We have a server that was built by the guy before me (so I am told), so I can't provide any model information.
We have Windows XP on it. We use this server for many things, but one thing that will be affected by downtime is our clock-in system. Over the time that the server is down, users won't be able to clock in, and managers will have to input times manually.
I obviously have to update to Windows 7. I have a brand new hard drive and a copy of Windows 7 ready to go, but I want to do this with minimal downtime. My plan was to put the new hard drive in, and then just install the windows 7 on the new hard drive and use that as the boot drive, so i don't have to reinstall any other programs, and so I don't have to do a restore with our backup utility. However this would require me to turn off the computer, and since we have employees clocking in at all hours I would like to avoid that.
We were going to use Windows Server 2012 but we didn't want to spend the money and really don't need any of the additional functionality, we only use this for clocking in and to store scanned documents.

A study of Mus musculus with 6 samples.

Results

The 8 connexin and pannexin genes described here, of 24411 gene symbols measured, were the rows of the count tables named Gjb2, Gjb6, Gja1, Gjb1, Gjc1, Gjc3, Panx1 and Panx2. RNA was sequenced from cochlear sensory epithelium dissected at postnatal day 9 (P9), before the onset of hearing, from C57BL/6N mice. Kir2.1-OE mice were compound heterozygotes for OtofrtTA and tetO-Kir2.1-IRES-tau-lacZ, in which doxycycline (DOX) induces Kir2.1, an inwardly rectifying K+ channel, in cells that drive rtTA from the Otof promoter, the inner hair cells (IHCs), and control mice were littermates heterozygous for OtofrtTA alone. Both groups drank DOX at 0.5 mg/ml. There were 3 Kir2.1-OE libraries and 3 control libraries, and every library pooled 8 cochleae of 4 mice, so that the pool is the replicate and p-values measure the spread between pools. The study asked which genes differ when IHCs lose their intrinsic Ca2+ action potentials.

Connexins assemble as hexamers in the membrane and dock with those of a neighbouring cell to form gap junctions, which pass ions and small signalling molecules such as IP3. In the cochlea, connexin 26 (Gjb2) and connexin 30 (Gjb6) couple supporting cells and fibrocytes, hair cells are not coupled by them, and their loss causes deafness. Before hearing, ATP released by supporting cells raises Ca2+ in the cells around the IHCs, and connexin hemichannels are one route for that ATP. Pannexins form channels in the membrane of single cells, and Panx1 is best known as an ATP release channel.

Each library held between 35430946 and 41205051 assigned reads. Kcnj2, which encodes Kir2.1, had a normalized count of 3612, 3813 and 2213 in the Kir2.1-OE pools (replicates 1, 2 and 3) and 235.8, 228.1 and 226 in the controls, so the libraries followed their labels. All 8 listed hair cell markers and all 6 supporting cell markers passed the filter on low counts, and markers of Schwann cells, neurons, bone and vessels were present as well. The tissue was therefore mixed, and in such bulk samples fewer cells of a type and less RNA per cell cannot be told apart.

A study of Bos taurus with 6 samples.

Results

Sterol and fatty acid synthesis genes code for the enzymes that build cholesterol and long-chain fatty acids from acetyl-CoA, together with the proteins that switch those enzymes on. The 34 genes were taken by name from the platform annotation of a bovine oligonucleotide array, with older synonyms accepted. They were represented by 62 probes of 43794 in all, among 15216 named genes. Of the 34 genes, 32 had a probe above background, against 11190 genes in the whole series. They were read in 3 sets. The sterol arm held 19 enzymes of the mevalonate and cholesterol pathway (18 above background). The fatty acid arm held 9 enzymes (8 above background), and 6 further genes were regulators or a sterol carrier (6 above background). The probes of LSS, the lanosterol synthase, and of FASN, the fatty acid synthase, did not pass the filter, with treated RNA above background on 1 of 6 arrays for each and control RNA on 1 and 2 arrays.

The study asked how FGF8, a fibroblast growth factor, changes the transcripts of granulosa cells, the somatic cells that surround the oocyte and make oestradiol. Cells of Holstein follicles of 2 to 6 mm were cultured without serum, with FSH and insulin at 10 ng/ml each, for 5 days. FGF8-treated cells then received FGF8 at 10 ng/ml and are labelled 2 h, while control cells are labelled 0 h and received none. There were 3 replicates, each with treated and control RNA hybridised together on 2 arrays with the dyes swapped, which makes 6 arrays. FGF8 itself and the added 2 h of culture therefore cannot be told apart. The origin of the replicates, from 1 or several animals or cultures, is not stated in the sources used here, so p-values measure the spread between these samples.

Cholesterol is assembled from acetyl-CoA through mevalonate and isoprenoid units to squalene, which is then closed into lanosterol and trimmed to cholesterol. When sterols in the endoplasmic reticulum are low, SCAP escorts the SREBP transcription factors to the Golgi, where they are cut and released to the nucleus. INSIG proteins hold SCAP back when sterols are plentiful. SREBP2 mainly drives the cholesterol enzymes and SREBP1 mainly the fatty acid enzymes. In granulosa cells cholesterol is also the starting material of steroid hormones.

What are some other ways I could install an OS with minimal downtime? Would it be possible for me to install it while the computer is on by just putting the Win7 disc in and installing it to the new volume, and then just doing a quick restart and booting from that drive?
We have Windows XP on it. We use this server for many thingsAlright, you're doing it wrong. Very, very, very wrong. First, don't run a server with a client OS if you can possibly avoid it, and second it's best practice to limit your servers to a single role/application. In response to your question, the way to do this is to buy new hardware, install an OS, configure it, and swap it out. For the two use-cases you mention, and the fact that it's running XP you can probably pick up a PLC or cheap desktop/server to replace it for a couple hundred bucks.
However this would require me to turn off the computer, and since we have employees clocking in at all hours I would like to avoid that.- It seems like it was a pretty critical system, surely you had some kind of plan that dealt with what would happen if that system failed? Shouldn't building a new system basically follow the same procedure?